By Ann McAdams | March 11, 2021 at 3:58 PM EST – Updated March 11 at 7:28 PM
Specifically, the tree line has created a blind spot for the radar to the south and southwest, making it considerably harder for meteorologists to accurately forecast severe weather in time to warn residents in Ocean Isle Beach, Sunset Beach, and the Grand Strand. Many storms that impact our area approach from that direction.
Meteorologists have been complaining about the issue for years, but the problem came to the forefront again after a deadly tornado hit Brunswick County in February, killing three people. There was no Tornado Watch issued in advance of the storm, and the Tornado Warning was issued as the storm was touching down, leaving those in the early path of the storm with essentially no warning to take cover. The fast-moving storm came directly up the path where the radar is partially blocked.
“It cannot be said with certainty from my standpoint the partial radar blockage had anything to do with that particular warning process, but for me, to have the storm of issue come right up through that wedge — you know you get a 360 degree pie, the small piece of the pie that has at least a partial radar blockage, was the critical part for the trajectory of that storm,” WECT Chief Meteorologist Gannon Medwick explained.
Ideally, the National Weather Service likes to issue a Tornado Watch several hours before a tornado hits, and they do the vast majority of the time. But on Feb. 15, the only heads up the public had was a slight risk of severe weather issued by the National Weather Service earlier in the day, and a Severe Thunder Storm Warning issued six minutes before the tornado touched down.
The KTLX Doppler’s shortcomings are a problem for meteorologists during all sorts of weather events, but it’s particularly important when a tornado is touching down to see weather patterns closer to the ground.
Medwick captured KTLX radar images from a recent widespread rain event to illustrate the blind spot. The radar captures weather information at various heights, and despite heavy rain, no precipitation is Doppler indicated when looking at the lower level readings. It isn’t until you look at the scans from much higher altitudes that any precipitation registers.
“It’s a frustrating problem in so much as it’s known. It’s known locally to our partners at the National Weather Service, it’s known here in the First Alert Forecast Center, and the pace at which it’s not being addressed is frustrating,” Medwick said.
There are essentially two options available to improve the situation: cut down the trees on surrounding properties, or disassemble the radar and move it to a location with less interference. Weather experts say raising the radar at it’s existing location is not an option because it loses functionality if it is too high above the ground. Both remaining options are extremely costly, but federal weather officials say the cost of cutting down the trees was so expensive it was cost-prohibitive.
WECT reviewed GIS maps provided by Brunswick County, and saw that there are over a dozen land owners on the properties surrounding the Doppler radar in Shallotte. Trees on just a few of those properties, to the south and southwest, seem to be creating the biggest problems.
Some of the plots are family owned, but several of the larger and more densely wooded lots are owned by Brunswick Timber LLC, a corporation based in Mobile, AL according to county records. The trees are presumably being commercially grown to sell for profit, which may be why buying the land or paying the owners to cut down the trees through eminent domain is too expensive. WECT reached out to Brunswick Timber LLC’s parent company to inquire about the value of the land, but has not yet received a response.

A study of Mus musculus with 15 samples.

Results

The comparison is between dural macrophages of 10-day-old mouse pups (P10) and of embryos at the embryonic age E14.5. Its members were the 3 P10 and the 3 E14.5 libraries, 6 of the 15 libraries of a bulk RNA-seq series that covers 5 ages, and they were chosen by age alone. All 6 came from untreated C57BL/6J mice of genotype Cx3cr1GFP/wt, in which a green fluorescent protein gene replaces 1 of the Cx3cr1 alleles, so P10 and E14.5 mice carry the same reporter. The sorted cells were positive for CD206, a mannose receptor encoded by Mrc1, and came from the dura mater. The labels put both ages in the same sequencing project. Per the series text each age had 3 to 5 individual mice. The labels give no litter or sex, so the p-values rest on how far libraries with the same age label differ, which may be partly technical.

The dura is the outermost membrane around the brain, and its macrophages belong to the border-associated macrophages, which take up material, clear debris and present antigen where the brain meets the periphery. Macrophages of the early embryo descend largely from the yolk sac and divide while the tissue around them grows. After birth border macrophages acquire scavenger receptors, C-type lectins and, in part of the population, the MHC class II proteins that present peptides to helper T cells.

The estimated cost to relocate the radar is $5.5 million. But since the National Weather Service determined that was the best path forward in 2016, there has been no progress that we are aware of determining where it would be moved, or when that might happen. NWS officials say they use other weather prediction tools to help make up for the blind spot at the KTLX radar, but that’s not an ideal solution. One of the alternate tools is using data from the next closest Doppler radar to the south, but that’s down near Beaufort, SC.
“The trees have grown further. They’re not shrinking, they’re continuing to grow. And so any chance we get to highlight the problem and bring it to awareness, and hopefully put pressure to find a solution, is better,” Medwick said.
The National Oceanic and Atmospheric Association (NOAA), which oversees the National Weather Service, did not respond to WECT’s request for comment on the issue. But Sen. Thom Tillis, who represents North Carolina in Congress, assured us he is taking this seriously.
“This is extremely concerning and unnecessarily putting North Carolina families in danger,” Tillis said. “I am always working to ensure the health and safety of North Carolinians, which is why I recently requested additional resources for weather radar coverage in our state, specifically to increase funding to expand radar capabilities. My office is also meeting with government officials in towns across the state regarding our emergency management system, and we hope to find solutions that put the safety of every North Carolinian first during extreme weather events.”
The press officer for Congressman David Rouzer said he is aware of the issue as well. We did not get a response from Sen. Richard Burr’s office to our request for comment.